Contributed by guest author Kristin Henning of Travel Past 50

Wrocław, Poland, 2016 Capital of Culture

In the conclusion of our Capitals of Culture series, we take you to next year’s choice: Wrocław, Poland. Full of charm and history, this European city is a good destination for everyone from beer lovers to architecture enthusiasts.

Wrocław is a cool town that was once the center of merchant life in Europe, a capital of the Hanseatic League, and an important intersection of trade routes. Historically, Wrocław has been a rich town with lots of international involvement. Now it’s showing off its baroque and medieval monuments with fresh pride, thanks to preparations for its Capital of Culture year.


Sightseeing in Wrocław will inevitably include three areas. The Old Town (Stare Maistro) with its large, colorful Market Square is one of Europe’s finest destinations. Since the Old Town is surrounded by branches of the Odra (Oder) River, visitors will find plenty of bridges, parks, islands and river walks integral to Wrocław’s scene.


Not part of the Cathedral Island, but definitely worth bonus tourist points, is the University Church of the Blessed Name of Jesus, widely regarded as one of the most beautiful baroque churches in Central Europe. It was built by the Jesuits as part of the Wrocław University complex in the late 17th Century.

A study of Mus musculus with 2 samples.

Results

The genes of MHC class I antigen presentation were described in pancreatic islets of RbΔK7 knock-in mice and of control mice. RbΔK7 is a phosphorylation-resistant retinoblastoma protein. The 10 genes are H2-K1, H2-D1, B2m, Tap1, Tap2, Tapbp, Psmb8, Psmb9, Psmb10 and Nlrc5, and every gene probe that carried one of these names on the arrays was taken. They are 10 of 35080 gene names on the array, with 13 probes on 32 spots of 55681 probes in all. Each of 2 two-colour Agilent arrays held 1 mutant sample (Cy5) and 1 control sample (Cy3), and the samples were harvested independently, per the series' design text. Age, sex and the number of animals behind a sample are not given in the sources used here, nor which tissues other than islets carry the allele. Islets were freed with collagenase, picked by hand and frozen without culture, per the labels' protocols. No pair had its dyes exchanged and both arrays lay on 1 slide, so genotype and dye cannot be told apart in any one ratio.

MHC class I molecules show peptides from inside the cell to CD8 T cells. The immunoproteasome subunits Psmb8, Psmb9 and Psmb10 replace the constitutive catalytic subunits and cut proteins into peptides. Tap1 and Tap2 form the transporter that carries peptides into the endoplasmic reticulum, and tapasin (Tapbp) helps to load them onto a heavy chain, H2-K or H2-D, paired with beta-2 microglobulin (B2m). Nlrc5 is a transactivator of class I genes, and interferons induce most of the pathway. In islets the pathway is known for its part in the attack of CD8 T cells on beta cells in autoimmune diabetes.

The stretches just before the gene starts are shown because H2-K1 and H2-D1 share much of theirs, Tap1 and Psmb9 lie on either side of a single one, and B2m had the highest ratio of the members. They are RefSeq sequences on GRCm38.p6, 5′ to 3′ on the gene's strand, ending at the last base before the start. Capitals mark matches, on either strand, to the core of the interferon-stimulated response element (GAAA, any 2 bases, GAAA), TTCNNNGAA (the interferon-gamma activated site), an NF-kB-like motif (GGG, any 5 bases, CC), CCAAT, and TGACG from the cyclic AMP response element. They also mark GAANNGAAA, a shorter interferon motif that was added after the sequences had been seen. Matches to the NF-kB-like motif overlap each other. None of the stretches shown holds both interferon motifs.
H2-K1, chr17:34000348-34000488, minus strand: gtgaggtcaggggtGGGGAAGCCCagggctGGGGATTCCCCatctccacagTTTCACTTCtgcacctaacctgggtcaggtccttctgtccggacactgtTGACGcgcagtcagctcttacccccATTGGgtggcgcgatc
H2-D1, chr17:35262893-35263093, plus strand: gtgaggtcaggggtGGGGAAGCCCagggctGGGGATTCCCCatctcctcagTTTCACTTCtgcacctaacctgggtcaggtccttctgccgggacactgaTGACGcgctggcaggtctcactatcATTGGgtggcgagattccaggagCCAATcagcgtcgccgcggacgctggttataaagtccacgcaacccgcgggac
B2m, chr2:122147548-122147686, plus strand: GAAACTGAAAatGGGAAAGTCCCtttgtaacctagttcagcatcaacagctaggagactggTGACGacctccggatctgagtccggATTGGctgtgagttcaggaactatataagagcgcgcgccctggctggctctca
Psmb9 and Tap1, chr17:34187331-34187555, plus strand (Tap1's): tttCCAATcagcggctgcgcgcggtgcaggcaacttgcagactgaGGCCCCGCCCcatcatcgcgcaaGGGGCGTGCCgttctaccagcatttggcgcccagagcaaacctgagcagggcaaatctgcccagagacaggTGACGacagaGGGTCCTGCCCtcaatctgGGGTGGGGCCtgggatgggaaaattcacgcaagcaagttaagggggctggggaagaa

The third site, Centennial Hall, is the city’s only UNESCO World Heritage site. The structure is a reinforced concrete monstrosity built in 1903 to display Poland’s muscle in the region. It is also the site of an infamous Hitler rally, a visit by Pope John Paul II, and an architectural feat that has survived two World Wars. The grounds have been improved and the entire complex has been dressed up for the coming Capital of Culture year.

Our exclusive travel tidbit: We bused from Krakow to Wrocław (about 3 1/2 hours), but Wrocław is easy to get to from all over Europe and the Middle East. As of this summer, there are sixty cities with connecting flights into Wrocław.


Kristin Henning and Tom Bartel are the former owners and publishers of City Pages, Minnesota Parent Magazine, and The Rake Magazine in Minneapolis/St. Paul. They have been on the road more or less non-stop since 2010. So far, they’ve been to over 50 countries and visited more than 25 European Capitals of Culture. They blog about their travels, and you can find them on Facebook, Twitter, Instagram or Pinterest at @travelpast50.